Failure analysis on optical components is usually carried-out, on standard testing devices such as optical/electronic microscopes and spectrometers, on isolated but representative samples. Such analyses are not contactless and not totally non-invasive, so they cannot be used easily on flight models. Furthermore, for late payload or satellite integration/validation phases with tight schedule issues, it could be necessary to carry out a failure analysis directly on the flight hardware, in cleanroom.
The increase of performance of new optical instruments for science and Earth observation always leads to higher requirements in terms of contamination due to particle sedimentation in cleanrooms and deposition of chemical species in vacuum environment. Specific cleanliness control procedures are implemented in order to mitigate the risks of contamination on optical sensors and sensitive diopters, especially when used for UV applications. Such procedures are commonly carried out in cleanrooms and are described in both European ECSS-Q-ST-70-50C and NASA SN-C-0005D standards. UV light at 365 nm is often used for the inspection of optical sensitive surfaces to localize and to evaluate the amount of fluorescent particles, essentially coming from textile fibers. But other groups of compounds can be observed with a different spectral response and distribution, like adhesives and resins or even organic residues. Therefore, we could take advantage of this spectral information closely linked to specific molecules for partial identification of these materials before further investigation involving wipe on flight model and measurement in a laboratory.
Optical instruments for space applications with improved performances (smaller pixels and spectral range extension) are becoming more and more sensitive to chemical contamination and particle sedimentation. Outgassing under vacuum conditions causes dramatic flux losses, especially in the UV bandwidth. Furthermore, it is difficult to perform physicochemical analyses of contaminated surfaces on flight models, in a clean room. Conventional analytical techniques such as FTIR (Fourier Transform Infrared interferometer) need the tool to be in contact with the studied area, which is forbidden when working on satellites. In addition, it does not give any information about the distribution of the contaminants in the field of view. The probed area is large, mono-pixel, and the sensitivity of the instrument is too low for hundred nanometer thin film deposits. A first study has shown that we could benefit from using the UV/visible fluorescence spectra to partially identify contaminants and polymer materials. The shape of the fluorescence spectra of adhesives, paints and varnishes have specific signatures that could be recorded into a designated reference database. The location of the presence of these contaminants on such sensitive optics is also relevant. To acquire both these parameters, we designed a specific compact hyperspectral instrument to remotely acquire cube images (500x500 pixels) in a 5 degree field of view, and on a wide range of continuous wavelengths from UV at 320 nm up to the near infrared at 1000 nm. This paper will present the chosen trade-off between different critical optics for a new portable version of this instrument. It is dedicated to space and cultural heritage applications and the first results on an engineering prototype will be shown.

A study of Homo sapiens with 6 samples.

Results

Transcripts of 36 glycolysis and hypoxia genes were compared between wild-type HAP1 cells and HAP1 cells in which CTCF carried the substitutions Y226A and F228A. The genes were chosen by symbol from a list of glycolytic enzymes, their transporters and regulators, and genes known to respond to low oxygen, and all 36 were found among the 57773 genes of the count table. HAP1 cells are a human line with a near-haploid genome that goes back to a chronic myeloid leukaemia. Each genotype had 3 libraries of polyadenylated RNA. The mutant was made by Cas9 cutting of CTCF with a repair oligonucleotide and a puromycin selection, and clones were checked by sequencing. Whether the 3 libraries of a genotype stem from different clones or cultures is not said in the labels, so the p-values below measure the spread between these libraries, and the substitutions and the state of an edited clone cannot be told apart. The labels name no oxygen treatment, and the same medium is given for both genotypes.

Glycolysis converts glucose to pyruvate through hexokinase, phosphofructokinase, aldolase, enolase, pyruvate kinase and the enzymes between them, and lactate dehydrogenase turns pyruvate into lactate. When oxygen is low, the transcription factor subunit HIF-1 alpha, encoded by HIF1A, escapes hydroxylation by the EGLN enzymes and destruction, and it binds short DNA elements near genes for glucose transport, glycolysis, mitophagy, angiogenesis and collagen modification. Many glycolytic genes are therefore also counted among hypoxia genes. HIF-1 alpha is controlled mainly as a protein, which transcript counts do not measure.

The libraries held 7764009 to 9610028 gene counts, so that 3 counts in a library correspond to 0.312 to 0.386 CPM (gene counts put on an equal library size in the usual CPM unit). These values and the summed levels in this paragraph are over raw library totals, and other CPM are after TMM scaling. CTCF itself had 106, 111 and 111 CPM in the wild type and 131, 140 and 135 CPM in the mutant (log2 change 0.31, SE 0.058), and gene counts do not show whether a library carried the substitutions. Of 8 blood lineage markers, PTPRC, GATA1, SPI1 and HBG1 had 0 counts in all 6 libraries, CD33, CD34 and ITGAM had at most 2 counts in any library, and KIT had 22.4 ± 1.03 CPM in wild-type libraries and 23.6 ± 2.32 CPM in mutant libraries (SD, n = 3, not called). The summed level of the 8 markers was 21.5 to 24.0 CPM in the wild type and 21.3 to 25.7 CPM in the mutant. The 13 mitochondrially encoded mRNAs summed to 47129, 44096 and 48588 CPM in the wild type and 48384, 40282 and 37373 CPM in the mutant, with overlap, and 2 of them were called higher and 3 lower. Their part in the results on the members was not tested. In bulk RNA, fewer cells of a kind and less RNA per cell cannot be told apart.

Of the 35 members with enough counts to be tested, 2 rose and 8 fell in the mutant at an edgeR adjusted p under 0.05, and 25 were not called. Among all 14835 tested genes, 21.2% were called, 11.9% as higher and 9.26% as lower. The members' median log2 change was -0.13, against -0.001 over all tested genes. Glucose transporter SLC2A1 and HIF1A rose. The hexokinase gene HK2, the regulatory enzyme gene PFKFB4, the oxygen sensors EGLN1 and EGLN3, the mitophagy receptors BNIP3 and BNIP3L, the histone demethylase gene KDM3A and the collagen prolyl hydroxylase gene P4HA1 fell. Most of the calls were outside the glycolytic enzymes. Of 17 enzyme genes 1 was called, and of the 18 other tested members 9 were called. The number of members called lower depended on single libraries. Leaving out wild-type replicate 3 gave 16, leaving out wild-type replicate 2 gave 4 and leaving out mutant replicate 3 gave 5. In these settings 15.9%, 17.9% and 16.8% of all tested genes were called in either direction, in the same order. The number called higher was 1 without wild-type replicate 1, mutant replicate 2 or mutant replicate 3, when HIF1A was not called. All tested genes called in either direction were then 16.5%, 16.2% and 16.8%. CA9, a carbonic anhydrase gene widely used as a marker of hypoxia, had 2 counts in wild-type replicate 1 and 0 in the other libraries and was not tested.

The development of new high power EUV sources and EUV space imaging requires optics having specific
properties which depend on applications and operating conditions. These both applications are very different in the
working multilayers environment. For the high power sources, multilayers are submitted to short pulses with high
energy peak whereas, for the space imaging, multilayers are submitted to continuous flux with low level. Moreover
photon energy and environment for both applications may be different. The environment may affect structure and top
layer contamination when optics are stored, handled, mounted on the final device and finally operating. Main
environmental parameters investigated are temperature and humidity variation.
One objective is the optimisation of multilayer coatings to offer the highest resistance under photonic, ionic
fluxes and temperature cycle. This means that interfacial diffusion between thin layers and degradation of the capping
layers have to be avoided or reduced. The present study relies with designing, depositing and testing different structures
of multilayer coatings in order to minimise the influence of the environment.
Multilayer coatings based on molybdenum, silicon and silicon carbide materials have been deposited by magnetron
sputtering on silicon and zerodur substrates. Samples were submitted to radiations emitted by an EUV source at
wavelength closed to 13.5 nm. Furthermore they were also submitted to thermal cycles and annealing under warm
humidity in the aim to simulate extremes storage or handling conditions as space mission's conditions.
The damages and the performance of the multilayers were evaluated by using grazing incidence reflectometry
at 0.154 nm and EUV reflectometry at the operating wavelength.
After a presentation of the multilayer design, deposition and metrology tools, we will describe the different
environmental effects on the coatings to take in care during EUV source exposure, handling and storage conditions.
First results on multilayers performances to EUV source exposure and space specification tests are presented. Main
damages studies were on annealing, thermal cycling and warm humidity.